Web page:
The University of the Philippines Baguio (UPB), through the Cordillera Studies Center (CSC), officially opened the third International Conference on Cordillera Studies (ICCS3), 5 July 2021.
Held virtually via Zoom and simultaneous broadcast on Youtube, ICCS3 focuses on the theme “Indigenous Peoples and the Sustainable Development Goals” (SDGs). The first day of the conference consisted of two parallel sessions with eight panels featuring paper presentations by academics and researchers from the Philippines and other countries.
In her opening message, UPB Chancellor, Dr. Corazon L. Abansi, related that by organizing this conference with the SDGs as the central theme, “the Cordillera Studies Center of UP Baguio performs its role as a research center mobilizing knowledge communities to seek solutions for sustainable development concerns.” This, according to the chancellor, increases the social impact of UP particularly in helping the country achieve the SDGs. Such a project achieves substantial and instrumental goals for the university and responds to the call for Quality Assurance.
Noting that the first two ICCS, held in 2008 and 2017, were successful in the scholarly discussion of recent developments, perspectives, approaches, and debates in the study of the Cordillera region and other indigenous communities, Abansi pointed out that the 3rd ICCS “takes a step further by directing the discourse on Cordillera Studies to move more towards social engagement in addition to knowledge production and scholarly exchange” by producing concrete ideas and workable solutions. In concluding her message, she encouraged and reminded all participants to collaborate and strive to achieve the SDGs and sustainable development for all, including indigenous peoples, and to foster inclusive development through fruitful conversations and exchange of innovative ideas.
In her welcome remarks, UPB Vice Chancellor for Academic Affairs and head of the CSC Board, Dr. Rosemary Gutierrez, conveyed that this virtual mode of the conference “enables a wide international and local participation despite mobility restrictions at this time,” making it a mixed blessing that enabled UPB to include and encourage the engagement of members of the public who would not have been able to join if the conference were conducted face-to-face.
Likewise, UP President, Prof. Danilo L. Concepcion, also delivered a message saying that organizing ICCS3 through an online venue has opened up the event to a broader global audience. He also emphasized that Indigenous Peoples are vital partners in the implementation of the SDGs and that conferences such as the ICCS “are valuable platforms for enlightened discussions, the presentation of data and research results, and most importantly, the sharing of experiences, struggles, and lessons learned.” In particular, according to Concepcion, through the ICCS3, people can “engage in dialogues with government partners, in civil society, in international agencies, and in communities, thereby drawing a more accurate map of where the indigenous peoples are concerning the 17 SDGs.” He also pointed out UPB’s PhD in Indigenous Studies program as “undoubtedly a big step towards inclusiveness in support of sustainable development of indigenous peoples, particularly in the Cordillera region.”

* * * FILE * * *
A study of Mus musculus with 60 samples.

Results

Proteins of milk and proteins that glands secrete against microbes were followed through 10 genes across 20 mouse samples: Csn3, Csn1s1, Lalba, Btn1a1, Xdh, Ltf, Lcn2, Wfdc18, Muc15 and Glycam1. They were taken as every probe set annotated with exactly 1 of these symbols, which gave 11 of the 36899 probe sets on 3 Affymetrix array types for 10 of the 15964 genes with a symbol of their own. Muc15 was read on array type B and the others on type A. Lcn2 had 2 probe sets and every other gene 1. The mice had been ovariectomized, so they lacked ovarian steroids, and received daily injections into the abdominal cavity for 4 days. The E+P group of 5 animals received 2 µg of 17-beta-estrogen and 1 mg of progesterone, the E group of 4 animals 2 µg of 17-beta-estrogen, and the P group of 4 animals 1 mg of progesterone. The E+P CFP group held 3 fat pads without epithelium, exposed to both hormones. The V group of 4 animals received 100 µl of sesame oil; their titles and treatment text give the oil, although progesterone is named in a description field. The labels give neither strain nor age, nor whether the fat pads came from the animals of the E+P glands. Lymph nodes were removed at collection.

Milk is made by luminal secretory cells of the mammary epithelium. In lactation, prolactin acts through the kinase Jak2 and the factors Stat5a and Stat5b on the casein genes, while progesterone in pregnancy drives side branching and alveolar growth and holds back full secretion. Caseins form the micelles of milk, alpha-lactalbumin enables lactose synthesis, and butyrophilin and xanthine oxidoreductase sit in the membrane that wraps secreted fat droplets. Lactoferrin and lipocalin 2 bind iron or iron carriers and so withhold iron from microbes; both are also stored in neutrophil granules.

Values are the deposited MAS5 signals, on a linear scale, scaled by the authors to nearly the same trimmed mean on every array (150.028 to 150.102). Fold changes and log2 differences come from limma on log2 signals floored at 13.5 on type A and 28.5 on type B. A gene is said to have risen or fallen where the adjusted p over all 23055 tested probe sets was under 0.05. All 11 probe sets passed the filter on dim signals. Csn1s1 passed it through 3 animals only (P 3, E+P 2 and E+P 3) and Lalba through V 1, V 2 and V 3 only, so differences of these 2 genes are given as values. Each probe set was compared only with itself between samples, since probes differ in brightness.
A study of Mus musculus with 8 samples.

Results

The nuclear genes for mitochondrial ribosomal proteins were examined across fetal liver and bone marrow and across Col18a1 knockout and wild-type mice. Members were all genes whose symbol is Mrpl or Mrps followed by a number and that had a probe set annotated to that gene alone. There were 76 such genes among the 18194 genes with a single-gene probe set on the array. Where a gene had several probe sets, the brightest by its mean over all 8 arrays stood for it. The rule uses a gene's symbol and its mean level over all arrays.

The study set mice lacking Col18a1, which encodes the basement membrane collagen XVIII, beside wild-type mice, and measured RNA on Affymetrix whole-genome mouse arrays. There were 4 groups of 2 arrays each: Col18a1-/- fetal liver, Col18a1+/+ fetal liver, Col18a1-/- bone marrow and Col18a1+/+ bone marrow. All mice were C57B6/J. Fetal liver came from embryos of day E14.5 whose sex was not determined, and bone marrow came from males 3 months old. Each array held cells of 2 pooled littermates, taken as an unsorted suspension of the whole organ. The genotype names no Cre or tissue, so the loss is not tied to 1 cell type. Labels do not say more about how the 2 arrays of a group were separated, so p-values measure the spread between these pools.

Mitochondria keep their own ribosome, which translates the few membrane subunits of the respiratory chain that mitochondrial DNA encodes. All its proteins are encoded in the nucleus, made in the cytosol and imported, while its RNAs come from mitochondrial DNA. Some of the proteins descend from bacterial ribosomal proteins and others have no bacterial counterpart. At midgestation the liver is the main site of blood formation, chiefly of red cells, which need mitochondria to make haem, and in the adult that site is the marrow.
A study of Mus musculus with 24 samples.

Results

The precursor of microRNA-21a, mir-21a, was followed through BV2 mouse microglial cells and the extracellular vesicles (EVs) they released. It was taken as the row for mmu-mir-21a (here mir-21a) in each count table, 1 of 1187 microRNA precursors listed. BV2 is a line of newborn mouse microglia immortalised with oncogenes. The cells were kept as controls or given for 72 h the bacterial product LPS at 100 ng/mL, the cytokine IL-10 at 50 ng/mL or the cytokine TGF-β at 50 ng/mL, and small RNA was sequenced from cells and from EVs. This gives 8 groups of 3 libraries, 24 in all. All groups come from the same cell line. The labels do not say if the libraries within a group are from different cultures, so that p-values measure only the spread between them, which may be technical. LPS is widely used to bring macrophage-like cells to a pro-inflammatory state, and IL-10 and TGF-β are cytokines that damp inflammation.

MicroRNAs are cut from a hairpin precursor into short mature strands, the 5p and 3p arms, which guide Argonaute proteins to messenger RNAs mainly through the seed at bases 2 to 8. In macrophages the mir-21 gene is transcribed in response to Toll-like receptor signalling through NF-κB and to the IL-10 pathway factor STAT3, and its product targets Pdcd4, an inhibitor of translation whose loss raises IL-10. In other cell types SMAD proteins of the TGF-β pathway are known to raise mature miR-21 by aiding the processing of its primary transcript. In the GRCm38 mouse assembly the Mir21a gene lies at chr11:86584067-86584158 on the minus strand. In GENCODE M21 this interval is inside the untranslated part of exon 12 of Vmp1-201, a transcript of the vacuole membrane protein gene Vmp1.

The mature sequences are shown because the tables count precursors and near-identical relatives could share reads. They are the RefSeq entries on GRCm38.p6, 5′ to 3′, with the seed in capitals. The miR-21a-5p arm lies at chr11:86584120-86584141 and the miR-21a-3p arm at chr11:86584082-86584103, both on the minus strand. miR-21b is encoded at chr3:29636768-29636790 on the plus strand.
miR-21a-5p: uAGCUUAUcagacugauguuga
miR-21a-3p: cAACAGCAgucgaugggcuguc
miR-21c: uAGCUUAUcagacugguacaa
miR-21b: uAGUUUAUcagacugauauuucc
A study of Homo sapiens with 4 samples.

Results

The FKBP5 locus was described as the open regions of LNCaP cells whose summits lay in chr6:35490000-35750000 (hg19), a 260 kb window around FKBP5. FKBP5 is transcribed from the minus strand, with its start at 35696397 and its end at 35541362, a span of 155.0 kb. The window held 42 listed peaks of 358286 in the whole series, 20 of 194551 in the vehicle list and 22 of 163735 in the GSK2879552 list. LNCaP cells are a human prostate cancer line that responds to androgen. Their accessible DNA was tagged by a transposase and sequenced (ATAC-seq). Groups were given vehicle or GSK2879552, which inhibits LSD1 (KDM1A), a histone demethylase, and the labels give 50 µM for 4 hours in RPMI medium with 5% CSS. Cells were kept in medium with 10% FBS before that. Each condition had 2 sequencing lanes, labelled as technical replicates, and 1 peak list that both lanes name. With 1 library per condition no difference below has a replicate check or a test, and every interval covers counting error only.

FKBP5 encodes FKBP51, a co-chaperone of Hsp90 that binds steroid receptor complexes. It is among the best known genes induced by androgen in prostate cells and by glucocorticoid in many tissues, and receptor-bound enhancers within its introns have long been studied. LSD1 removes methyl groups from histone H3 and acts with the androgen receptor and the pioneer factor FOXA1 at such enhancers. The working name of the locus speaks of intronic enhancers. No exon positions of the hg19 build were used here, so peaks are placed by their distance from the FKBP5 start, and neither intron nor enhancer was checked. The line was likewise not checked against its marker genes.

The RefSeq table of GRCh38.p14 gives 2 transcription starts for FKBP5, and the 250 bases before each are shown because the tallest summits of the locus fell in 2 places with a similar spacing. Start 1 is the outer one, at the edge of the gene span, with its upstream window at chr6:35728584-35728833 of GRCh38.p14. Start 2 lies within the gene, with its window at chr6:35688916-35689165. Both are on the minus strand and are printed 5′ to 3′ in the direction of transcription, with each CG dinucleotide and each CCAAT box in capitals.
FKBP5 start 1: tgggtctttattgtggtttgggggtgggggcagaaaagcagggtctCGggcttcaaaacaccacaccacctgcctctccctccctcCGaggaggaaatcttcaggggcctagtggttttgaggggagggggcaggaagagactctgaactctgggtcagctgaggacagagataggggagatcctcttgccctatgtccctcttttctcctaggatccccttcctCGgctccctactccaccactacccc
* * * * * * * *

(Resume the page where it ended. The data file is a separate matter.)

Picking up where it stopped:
The plenary speaker for the first day of ICCS3, Dr. Maria Assunta C. Cuyegkeng, walked the audience through the United Nation’s SDGs and highlighted the role and part of the Indigenous Peoples and other marginalized groups in the attainment of such goals. A professor at the Department of Leadership and Strategy of the John Gokongwei School of Management of the Ateneo de Manila University, Dr. Cuyegkeng presented her lecture titled “Localizing SDGs through Stakeholder Engagement and an Enabling Ecosystem.”
“It’s a real concern because achieving the SDGs really indicates how close we are to getting an acceptable quality of life for our people,” she added. Achieving safe, just, and sustainable space, according to Dr. Cuyegkeng, needs a delicate balance that can only be achieved when people talk and agree on a local level, thus it is important to localize SDGs. She further pointed out that it is important “to craft contextualized solutions according to local environments and develop enabling structures in the ecosystem, […] not just the natural ecosystem, but the multidimensional ecosystem which involves society, culture, politics, and so on.” Dr. Cuyegkeng is also the executive director of the ASEAN University Network on Ecological Education and Culture.
Concluding her presentation, Dr. Cuyegkeng gave a summary to achieve the SDGs: “The strategy is to localize and to empower Indigenous peoples’ local communities. SDGs remind us of the need to create a safe, just, and sustainable space for all, and we are guided by meeting social foundations and going with the planetary boundaries or our ecological ceiling.” SDGs then need to be brought to the level of the needs of the communities themselves and this can be achieved by making the groups themselves empowered in the process of identifying, analyzing priority SDGs for their community, crafting their solutions, and developing an enabling ecosystem which will support the entire process. The recordings of the plenary and parallel sessions are accessible online. For more information, please visit bit.ly/VirtualICCS3.